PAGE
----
Fan Mail

Fan Mail: Marta Stysiak

For this edition of Fan Mail, Marta Stysiak of Warsaw, Poland has been selected from our worthy reader submissions. Two artists are featured each month—the next one could be you! If you would like to be considered, please submit your website link to info@dailyserving.com with ‘Fan Mail’ in the subject line.

When viewing the body in the series “with” by Marta Systiak, I wonder if I should be aroused or not. Or, if I am aroused and the artist did not intend this, what does that mean? Sexuality is often part of the viewer’s attraction to the nude, even when the work does not overtly sexualize the body. Stysiak further complicates this notion by depicting the nude singularly, alone and autonomous, yet paired with a pet.

When considering Stysiak’s photographs, the 1781 oil on canvas by Henry Fuseli titled The Nightmare comes to mind. It depicts a woman, her body draped by a nightgown, in a pose of ecstasy while dreaming, depicting a demonic creature alongside the head of a horse with piercing eyes. The animals and objects in the room act as symbols in the dream, expressions of the subconscious. Though Stysiak’s works are based in reality, they can be read in a similar, intimate and symbolic, way. How a person organizes their space, how they occupy it, and what animals they choose as their friend, all offer insights into their personality. Stysiak’s photographs observe aspects of the human pysche, rather than ideals of bodily beauty.

Henry Fuseli , The Nightmare, 1781

I think of Peter Greenaway’s film A Zed & Two Noughts (1986), which, in part, speaks to the relationship between man and animal. Two twin zoologists, in shock after the simultaneous death of their wives, examine the process of death and decay in search of understanding their suffering. Venus de Milo, a vampish colleague, tries to seduce the scientist brothers to liven them up a bit. In a bedroom scene, she is naked and talking with one of the brothers as he lay in the bed, holding a glass plate of snails, observing and touching them, talking poetically about their vital role in the processing of decaying material. The scientist is more interested in the snails and his work, and viewing his nude body with the little creatures becomes unerotic and depressing, but beautiful. The snails seem to bring more refuge than the woman.

Since antiquity, the nude has been used  to present the ideals of human form. Examples of non-sexualized or non-idealized nudes are not common in the early history of photography. An early and bold departure from this tradition is found in the photographs of Diane Arbus. Retired man and his wife at home in a nudist camp one morning, N.J. (1963) shows the ideals of nudism–no shame in exhibiting the body in its most natural state.

Diane Arbus, Retired man and his wife at home in a nudist camp one morning, N.J., 1963

Trying to understand her subjects’ basic connection to nature, Stysiak depicts them as nude, alongside whatever connection to natural world she can find in their lives. In the city, this means pets, parks, potted plants or the bathtub. The objects and the space tell a story too, revealing some of the identity of the portrayed subject. The gritty filmstock shows the process of the photographer–I imagine her entering the space with a small unobtrusive camera, no tripod, without lighting equipment, in the comfort of the darkness of night. The use of flash photography gives the impression that the images are not posed, but pulled from a collection of vernacular photos.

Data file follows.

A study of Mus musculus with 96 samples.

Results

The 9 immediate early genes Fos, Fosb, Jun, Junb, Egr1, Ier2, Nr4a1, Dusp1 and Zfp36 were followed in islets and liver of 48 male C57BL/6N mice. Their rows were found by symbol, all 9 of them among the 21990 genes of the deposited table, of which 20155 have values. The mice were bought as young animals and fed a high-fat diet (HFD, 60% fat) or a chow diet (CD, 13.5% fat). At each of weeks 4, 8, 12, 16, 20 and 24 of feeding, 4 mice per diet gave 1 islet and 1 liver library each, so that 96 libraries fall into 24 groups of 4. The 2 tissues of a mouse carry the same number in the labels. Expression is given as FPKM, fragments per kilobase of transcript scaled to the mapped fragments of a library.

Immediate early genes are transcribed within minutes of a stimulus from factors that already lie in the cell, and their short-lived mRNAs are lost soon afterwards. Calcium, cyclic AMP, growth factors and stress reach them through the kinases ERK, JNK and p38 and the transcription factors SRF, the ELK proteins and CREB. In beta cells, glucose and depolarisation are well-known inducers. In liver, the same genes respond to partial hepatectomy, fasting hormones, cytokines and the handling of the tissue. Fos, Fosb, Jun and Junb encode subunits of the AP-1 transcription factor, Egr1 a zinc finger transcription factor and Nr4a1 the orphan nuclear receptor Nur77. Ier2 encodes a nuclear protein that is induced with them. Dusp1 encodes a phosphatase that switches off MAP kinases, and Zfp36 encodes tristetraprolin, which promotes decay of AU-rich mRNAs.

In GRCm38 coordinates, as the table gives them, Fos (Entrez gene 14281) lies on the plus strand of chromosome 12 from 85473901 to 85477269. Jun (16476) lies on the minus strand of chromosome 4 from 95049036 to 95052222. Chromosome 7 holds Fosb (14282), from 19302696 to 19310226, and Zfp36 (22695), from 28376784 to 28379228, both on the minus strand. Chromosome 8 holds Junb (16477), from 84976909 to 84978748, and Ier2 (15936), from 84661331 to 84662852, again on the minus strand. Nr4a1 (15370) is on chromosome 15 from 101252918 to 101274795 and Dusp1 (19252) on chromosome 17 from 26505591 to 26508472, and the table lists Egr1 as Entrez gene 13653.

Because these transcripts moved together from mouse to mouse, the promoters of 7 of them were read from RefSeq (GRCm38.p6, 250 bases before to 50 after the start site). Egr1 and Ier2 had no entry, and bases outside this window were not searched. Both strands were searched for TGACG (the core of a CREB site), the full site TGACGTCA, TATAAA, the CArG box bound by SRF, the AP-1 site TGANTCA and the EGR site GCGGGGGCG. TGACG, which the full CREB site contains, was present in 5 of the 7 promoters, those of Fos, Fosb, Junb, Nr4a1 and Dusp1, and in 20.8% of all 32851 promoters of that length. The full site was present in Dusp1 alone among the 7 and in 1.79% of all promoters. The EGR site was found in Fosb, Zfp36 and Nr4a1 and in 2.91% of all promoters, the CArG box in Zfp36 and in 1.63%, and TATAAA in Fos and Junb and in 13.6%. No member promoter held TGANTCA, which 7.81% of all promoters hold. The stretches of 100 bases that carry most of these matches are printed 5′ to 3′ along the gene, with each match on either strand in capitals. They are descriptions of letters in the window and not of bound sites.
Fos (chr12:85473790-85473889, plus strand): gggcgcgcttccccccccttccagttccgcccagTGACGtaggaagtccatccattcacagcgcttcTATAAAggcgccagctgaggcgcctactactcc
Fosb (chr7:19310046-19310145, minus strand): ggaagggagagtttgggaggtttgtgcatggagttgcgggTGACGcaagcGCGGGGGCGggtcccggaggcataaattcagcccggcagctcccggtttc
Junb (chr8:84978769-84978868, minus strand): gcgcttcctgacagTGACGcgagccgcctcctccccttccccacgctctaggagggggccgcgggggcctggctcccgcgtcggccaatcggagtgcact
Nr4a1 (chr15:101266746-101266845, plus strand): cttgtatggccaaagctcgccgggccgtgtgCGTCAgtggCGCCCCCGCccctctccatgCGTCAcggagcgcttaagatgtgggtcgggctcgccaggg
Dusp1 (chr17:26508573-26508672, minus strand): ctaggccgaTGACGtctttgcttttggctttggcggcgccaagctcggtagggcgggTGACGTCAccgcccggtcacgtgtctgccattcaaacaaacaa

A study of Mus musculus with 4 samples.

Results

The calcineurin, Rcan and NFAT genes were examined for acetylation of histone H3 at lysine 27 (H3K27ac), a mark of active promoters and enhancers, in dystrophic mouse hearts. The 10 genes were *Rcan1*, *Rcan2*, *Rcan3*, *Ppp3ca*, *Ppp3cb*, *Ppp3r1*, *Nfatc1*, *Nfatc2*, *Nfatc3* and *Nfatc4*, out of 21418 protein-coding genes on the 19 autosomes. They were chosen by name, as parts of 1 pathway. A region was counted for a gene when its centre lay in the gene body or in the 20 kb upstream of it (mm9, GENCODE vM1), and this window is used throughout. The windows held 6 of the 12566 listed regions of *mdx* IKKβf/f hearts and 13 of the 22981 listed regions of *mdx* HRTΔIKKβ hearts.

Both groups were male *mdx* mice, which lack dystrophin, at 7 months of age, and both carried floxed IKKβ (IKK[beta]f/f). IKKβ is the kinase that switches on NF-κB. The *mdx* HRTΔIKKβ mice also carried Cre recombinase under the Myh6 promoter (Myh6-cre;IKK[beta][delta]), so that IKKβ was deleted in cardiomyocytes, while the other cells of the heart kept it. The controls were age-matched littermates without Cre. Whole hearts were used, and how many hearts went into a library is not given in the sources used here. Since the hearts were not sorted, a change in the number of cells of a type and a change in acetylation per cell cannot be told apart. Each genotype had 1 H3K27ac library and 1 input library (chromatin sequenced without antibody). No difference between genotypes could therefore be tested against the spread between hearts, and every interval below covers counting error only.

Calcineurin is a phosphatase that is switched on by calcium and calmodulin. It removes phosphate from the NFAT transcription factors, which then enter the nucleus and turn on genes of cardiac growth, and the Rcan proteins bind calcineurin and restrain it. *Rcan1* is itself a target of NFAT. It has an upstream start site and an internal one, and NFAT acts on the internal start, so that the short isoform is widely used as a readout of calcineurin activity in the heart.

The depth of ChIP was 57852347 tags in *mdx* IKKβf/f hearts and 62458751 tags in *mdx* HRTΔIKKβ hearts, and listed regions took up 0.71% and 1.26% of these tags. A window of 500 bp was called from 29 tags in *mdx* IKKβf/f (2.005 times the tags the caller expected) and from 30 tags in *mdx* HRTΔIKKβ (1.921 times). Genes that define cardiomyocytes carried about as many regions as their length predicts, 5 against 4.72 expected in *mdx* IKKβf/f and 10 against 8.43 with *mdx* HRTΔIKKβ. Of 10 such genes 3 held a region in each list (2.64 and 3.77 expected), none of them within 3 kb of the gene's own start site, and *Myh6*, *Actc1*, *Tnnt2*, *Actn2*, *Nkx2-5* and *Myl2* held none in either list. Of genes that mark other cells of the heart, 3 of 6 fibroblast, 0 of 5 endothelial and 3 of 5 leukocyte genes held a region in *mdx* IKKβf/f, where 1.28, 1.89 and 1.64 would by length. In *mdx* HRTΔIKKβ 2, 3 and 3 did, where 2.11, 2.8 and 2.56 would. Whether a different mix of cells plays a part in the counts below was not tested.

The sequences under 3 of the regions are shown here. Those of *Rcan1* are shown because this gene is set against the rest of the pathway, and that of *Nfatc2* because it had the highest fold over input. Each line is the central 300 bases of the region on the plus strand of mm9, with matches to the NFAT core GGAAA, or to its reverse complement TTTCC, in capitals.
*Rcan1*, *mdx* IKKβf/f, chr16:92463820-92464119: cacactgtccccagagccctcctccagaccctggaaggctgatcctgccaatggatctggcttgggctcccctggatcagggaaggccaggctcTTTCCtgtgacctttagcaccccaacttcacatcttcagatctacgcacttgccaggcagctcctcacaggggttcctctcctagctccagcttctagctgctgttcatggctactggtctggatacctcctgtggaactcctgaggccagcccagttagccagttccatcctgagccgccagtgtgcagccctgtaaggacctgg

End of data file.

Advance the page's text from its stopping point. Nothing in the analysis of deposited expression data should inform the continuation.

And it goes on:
All of these images are taken in the city, where “the animal becomes the only link a person has with nature,” according to Aleksandra Szymczyk, who writes about Stysiak’s work on her website. Szymczyk continues: “The relation with the animal becomes a substitute for the old forms of community, because the anonymity and loneliness in the city are much more painful.”

Stysiak’s photographs do not seek to flatter,  nor to take advantage of her nude subjects. The view of the body gives clues about age and lifestyle. The pairing of a pet with the nude body shows that the intent is something other than simply revealing the beauty of the body. Instead, the images are about the relationship between figure and animal. Pets provide their caretakers with a special kind of companionship. We are often willingly nude around our animals – our platonic friends. Some people are more or less comfortable with their pets being around while they engage in sex. A dog seems to know what is going on, but we don’t consider it coherent enough to be embarrassed. Still, an intelligent animal has some understanding.

Stysiak’s images reveal a range of relationships with the animals. For example, the woman posing with her horse is much more erotic than the man sitting on his sofa next to the fishtank. It seems a bit taboo to talk about animals in the context of sexuality. Animals have no shame in expressing their sex drive.

Viewing the nude body in the public context is often conflicting–for some, there is a natural urge to eroticize (or be repulsed or offended by) the body. For others more accustomed to seeing the it, there is a greater acceptance of the utility of nudity. Knowing they are being photographed, Stysiak’s subjects enter into this conversation, as they display their bodies in a public place, the internet.